Notes from the Underground: Local Authority


Local Authority
Words by Chris Brownbill

Local Authority hail from Meanjin and seamlessly blend shoegazey, ambient tones into something entirely unique.

Local Authority

Last year I had the joy of spending a solid month sawing away at the oak tree that is the forthcoming sophomore record. This is a fantastic band, one that you should be aware of outside of the dry parameters of the “Australian Shoegaze” umbrella. There are of course some crowd favorite influences but Local Authority draw viands from broad and far reaching hands. Hands that belong to practitioners like Michael Rother (Neu!), Barry Burns, John McGeoch, Miki Berenyi (Lush) and Kim Deal. There were some closer to home references that we found common ground with such as Glide and Love of Diagrams, but speaking generally we searched for unconventionally gripping sonics that we could use to bolster the songs.

Underground Audio guitars


Underground Audio - Modular synth


What separated this from every other long form tracking session at my home facility was that we cut each drum track with shells and cymbals separated. This may have happened here many years ago but I have no memory of it being a positive experience so I was slightly hesitant to dive in (albeit it was my idea). The purpose of this nonsense is to allow flexibility in the mix process to bring the cymbal balance up and down without affecting the balance of the bass drum, snare and toms. I foresaw it being primarily useful when it came to room microphones and the articulation of dynamics on cymbals such as ride and hats.

This recording technique is not uncommon but people may be most familiar with it due to Eric Valentine’s work on the Queens of the Stone Age record Songs for the Deaf. A prime example would be their most famous song “No One Knows” in which the drums have a distinctly dry and dead sound despite being paradoxically resonant and round. Coincidentally that record was also tracked on the same machine as ours (a 24 track ampex MM1200) in similar preparation (RTM, then known as RMGi 900 at 15 ips 500nWp/m). This wasn’t really the vibe we were going for, but other records had evidenced that as long as the parts weren’t too complex and the fills were not improvised then it would be a transparent process that would prove useful. It turned out that Talia (Bond, who also plays in Ancient Channels) did end up improvising a bunch of parts but this was no factor. Other than being one of the greater drummers I’ve had the pleasure to track with, she also happens to have Bobby Fischer-like calculation and never missed a change, dynamic or fill. It was not only astounding to witness but what always helps is a drummer’s attitude and hers was so happy-go-lucky that I almost forgot we were doing something perverse and allegedly painstaking.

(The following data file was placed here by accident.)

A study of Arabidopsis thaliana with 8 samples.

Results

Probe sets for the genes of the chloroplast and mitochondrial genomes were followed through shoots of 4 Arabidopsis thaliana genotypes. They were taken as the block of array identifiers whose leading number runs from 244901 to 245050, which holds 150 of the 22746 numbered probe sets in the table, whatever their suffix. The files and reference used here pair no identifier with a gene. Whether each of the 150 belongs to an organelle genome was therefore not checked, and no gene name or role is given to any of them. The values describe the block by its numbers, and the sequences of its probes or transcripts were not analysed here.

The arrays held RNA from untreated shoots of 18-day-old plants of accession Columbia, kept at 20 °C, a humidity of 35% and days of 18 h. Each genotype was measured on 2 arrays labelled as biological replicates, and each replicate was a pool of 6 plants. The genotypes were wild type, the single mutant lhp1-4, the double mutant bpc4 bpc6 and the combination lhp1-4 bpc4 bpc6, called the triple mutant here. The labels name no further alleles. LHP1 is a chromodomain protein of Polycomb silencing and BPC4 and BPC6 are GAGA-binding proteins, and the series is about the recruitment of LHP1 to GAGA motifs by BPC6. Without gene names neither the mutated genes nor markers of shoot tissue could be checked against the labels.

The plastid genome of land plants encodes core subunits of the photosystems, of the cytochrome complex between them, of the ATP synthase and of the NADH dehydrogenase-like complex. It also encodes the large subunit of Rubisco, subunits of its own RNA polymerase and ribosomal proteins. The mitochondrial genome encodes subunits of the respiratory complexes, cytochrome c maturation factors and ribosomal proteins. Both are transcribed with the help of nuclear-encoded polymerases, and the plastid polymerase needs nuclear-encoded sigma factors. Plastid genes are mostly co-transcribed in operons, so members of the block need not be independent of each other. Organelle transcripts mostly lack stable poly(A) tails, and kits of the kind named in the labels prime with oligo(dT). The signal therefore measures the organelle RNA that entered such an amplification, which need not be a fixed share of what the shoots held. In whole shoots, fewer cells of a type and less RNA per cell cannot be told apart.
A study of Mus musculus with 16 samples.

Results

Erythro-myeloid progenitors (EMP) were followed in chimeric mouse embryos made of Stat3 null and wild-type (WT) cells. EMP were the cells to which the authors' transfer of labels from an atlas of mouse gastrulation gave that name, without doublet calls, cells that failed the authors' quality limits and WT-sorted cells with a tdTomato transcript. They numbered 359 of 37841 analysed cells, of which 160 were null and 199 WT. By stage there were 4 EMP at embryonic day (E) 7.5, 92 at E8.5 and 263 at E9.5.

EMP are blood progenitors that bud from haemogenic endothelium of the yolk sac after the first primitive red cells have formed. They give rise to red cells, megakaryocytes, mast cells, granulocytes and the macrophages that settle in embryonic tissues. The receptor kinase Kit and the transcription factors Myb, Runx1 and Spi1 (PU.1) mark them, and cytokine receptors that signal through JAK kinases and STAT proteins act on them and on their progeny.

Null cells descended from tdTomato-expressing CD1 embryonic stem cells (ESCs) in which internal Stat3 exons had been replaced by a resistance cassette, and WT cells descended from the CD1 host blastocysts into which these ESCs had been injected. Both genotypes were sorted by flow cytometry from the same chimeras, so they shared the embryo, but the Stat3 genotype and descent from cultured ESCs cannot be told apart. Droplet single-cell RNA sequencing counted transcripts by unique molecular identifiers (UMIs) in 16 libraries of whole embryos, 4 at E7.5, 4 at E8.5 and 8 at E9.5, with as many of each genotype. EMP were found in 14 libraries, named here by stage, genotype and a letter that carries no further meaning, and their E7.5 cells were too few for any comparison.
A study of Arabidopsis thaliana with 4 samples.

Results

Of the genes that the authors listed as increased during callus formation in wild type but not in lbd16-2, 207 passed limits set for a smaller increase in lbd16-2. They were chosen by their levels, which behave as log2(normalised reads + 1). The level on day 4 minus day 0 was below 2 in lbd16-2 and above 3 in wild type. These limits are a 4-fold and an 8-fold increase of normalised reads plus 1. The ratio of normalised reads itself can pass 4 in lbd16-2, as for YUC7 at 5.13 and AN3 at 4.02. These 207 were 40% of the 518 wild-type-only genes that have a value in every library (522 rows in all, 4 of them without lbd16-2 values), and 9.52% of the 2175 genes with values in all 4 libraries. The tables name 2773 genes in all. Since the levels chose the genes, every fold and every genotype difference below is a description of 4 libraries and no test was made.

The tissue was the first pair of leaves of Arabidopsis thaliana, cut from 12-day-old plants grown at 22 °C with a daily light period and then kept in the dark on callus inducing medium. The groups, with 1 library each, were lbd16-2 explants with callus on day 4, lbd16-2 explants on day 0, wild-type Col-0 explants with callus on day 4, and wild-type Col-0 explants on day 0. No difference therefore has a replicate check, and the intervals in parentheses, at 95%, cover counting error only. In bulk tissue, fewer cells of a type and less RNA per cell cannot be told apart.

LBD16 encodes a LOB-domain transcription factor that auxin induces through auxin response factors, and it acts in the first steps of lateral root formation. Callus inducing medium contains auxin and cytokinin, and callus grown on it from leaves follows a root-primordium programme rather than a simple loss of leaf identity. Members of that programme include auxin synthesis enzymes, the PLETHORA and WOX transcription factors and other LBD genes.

Underground Audio drums

The real inside baseball of tracking like this is finding those pockets of air where microphones really want to be in relation to shells. Moving coil microphones don’t like being too close to fast transient percussive instruments, but unfortunately it’s the corner we are painted into as engineers as we need to avoid cymbal spill. Being able to back the microphones off and collect that rich, resonant texture was a perquisite.

The agenda was to play through each song with every member in the room on headphones. As is routine I set up the band so it felt like a rehearsal and never really communicated when we were tracking. This is also the luxury of having a month to make a record. Once we had a version of a song that felt right I would map out a tempo, sometimes negating a tempo if it needed to ebb and flow. It would then be time for everyone to go back in the room to track it properly and at this point is where things started to look mildly silly. I threw blankets and pillows over all the cymbals and taped them so they essentially would emit an equal sound to hitting a pillow with a fist. When we proceeded with a take it was shells only and only after we were happy enough did we track cymbals over the top with spot mics, various overheads and room microphones (the same room sources being used for the shells).

The result is at times bombastic and cavernous and other times quite controlled and flat. This gave us a different option for every song on the record, I wanted to make sure an ensemble drum set sound was still evident. For example on the below linked single “Hang The World”, the drum sound is quite “normal”. This is something to always keep in mind when introducing new systems, techniques or gear. If something sounds fantastic, is it actually sympathetic to the song or production? I always remind myself not to lean on something too hard just because it sounds cool or turned out to be successful, in the end it’s not about how fancy the sonic palette is. It’s a boiler plate sentiment but all that matters is how a song makes you feel and if that requires negating a whole bunch of bells and whistles in servitude of the backbone of the band’s sound then that is what is required.

With a band like Local Authority this proves difficult as the songs are so absurdly good that whatever you throw at the record acclimatises to the band. Not the worst problem in the world.

Local Authority’s new record will be out soon on Kitty Records, till then you can hear the first single “Hang the World” here.